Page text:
Brain Derived Neurotrophic Factor Levels in Aged Rats Post-Systemic Human Mesenchymal Stem Cell Administration

adisti dwijayanti

Abstract views = 509 times | downloads = 320 times


Brain-Derived Neurotrophic Factor (BDNF) levels were affected by aging. Brain BDNF levels were known to decrease along with advanced age thus correlated with any diseases such as cognitive impairment and Alzheimer. Mesenchymal Stem Cell (MSC) is one of the potential modalities actively investigated against age-related diseases. This study evaluated the effect of human MSC administration to brain BDNF levels in aged rats. Intravenous injection of 10 million per body weight human MSC were given four times in 3 months interval to 22-24 months old female and male Spraque–Dawley rats. As control group, aged rats were injected by normal saline at the same volume and frequencies. Moreover, young 3-6 months rats also examined as negative control.  By the end of the experiment, we analyzed three rats from each group. Brain BDNF levels were measured by enzyme-linked immunosorbent assay and normalize to the protein levels. One-way ANOVA and LSD post hoc analysis was performed to compare the differences between groups. BDNF levels in male appeared similar between young, aged, and MSC treated groups. Meanwhile, control aged female groups had significantly lower BDNF levels compared to young (p = 0.019) and MSC-treated aged rats (p = 0.001). There was no difference of BDNF levels between young and MSC-treated aged in female rats (p = 0,068). Both sex had similar BDNF levels (p = 0.249) in control-aged groups. In contrast, female young and MSC-treated aged rats achieved significantly higher BDNF levels (p = 0.009 and p <0.001) compared to the male groups, respectively. These results suggest that human mesenchymal stem cell intravenous injection can increase brain BDNF levels in female aged rats.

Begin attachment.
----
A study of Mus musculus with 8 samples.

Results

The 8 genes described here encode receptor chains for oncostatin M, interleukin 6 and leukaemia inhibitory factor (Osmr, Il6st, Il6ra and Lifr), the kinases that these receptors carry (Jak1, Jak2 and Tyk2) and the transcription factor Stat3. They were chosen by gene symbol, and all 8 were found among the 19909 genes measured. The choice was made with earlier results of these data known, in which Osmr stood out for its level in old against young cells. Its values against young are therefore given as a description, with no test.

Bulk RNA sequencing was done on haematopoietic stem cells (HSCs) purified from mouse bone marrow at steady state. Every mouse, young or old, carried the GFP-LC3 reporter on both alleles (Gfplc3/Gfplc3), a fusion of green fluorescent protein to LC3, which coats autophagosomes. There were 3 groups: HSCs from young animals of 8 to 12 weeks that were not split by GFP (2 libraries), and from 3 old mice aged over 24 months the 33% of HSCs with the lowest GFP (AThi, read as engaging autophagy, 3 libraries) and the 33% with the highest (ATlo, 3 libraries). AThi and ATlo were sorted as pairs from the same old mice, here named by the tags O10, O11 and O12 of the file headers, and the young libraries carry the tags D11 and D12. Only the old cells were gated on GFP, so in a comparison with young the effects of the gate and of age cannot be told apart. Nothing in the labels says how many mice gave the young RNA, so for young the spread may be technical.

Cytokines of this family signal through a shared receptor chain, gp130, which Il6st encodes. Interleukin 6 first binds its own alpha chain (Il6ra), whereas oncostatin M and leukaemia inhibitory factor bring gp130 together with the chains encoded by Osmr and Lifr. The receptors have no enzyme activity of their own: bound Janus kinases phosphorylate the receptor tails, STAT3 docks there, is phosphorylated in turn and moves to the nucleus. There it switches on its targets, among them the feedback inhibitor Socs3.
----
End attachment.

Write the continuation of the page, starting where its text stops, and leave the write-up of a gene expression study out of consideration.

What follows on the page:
BDNF, human mesenchymal stem cell, aged rats.

Full Text:



Bettio LEB, Rajendran L, Gil-Mohapel J. 2017. The effects of aging in the hippocampus and cognitive decline. J Neu Bio Rev. 79:66–86.

Budni J, Bellettini-Santos T, Mina F, Garcez ML, Zugno AI. 2015. The involvement of BDNF, NGF and GDNF in aging and alzheimer's disease. Aging Dis. 6(5): 331–41.

Chan CB and Ye K. 2017. Sex differences in brain-derived neurotrophic factor signaling and functions. J Neurosci Res. 95(1-2): 328–35.

Coria-lucero CD, et al. 2016. Rhythmic bdnf and trkb expression patterns in the prefrontal cortex are lost in aged rats. Brain Res. 1653: 51–8.

De Bruyn C, et al. 2011. A rapid, simple, and reproducible method for the isolation of mesenchymal stromal cells from Wharton's jelly without enzymatic treatment. Stem Cells Dev. 20(3): 547–57.

Kim D, et al. 2015. Health span-extending activity of human amniotic membrane- and adipose tissue-derived stem cells in F344 rats. Stem Cells Transl Med. 4(10): 1144–54.

Komulainen P, et al. 2008. BDNF is a novel marker of cognitive function in ageing women: the DR’s EXTRA study. Neurobiol Learn Mem. 90: 596–603.

Murinova J, Hlavacova N, Chmelova M, Riecansky I. 2017. The evidence for altered BDNF expression in the brain of rats reared or housed in social isolation: a systematic review. Front Behav Neurosci. 11: 101.

Park D, et al. 2013. Human adipose tissue-derived mesenchymal stem cells improve cognitive function and physical activity in ageing mice. J Neurosci Res. 91: 660–70.


  • There are currently no refbacks.

Copyright (c) 2019 Journal of Stem Cell Research and Tissue Engineering

Creative Commons License
This work is licensed under a Creative Commons Attribution-NonCommercial-ShareAlike 4.0 International License.

View Stats

Creative Commons License
JSCRTE by Unair is licensed under a Creative Commons Attribution-NonCommercial-ShareAlike 4.0 International License.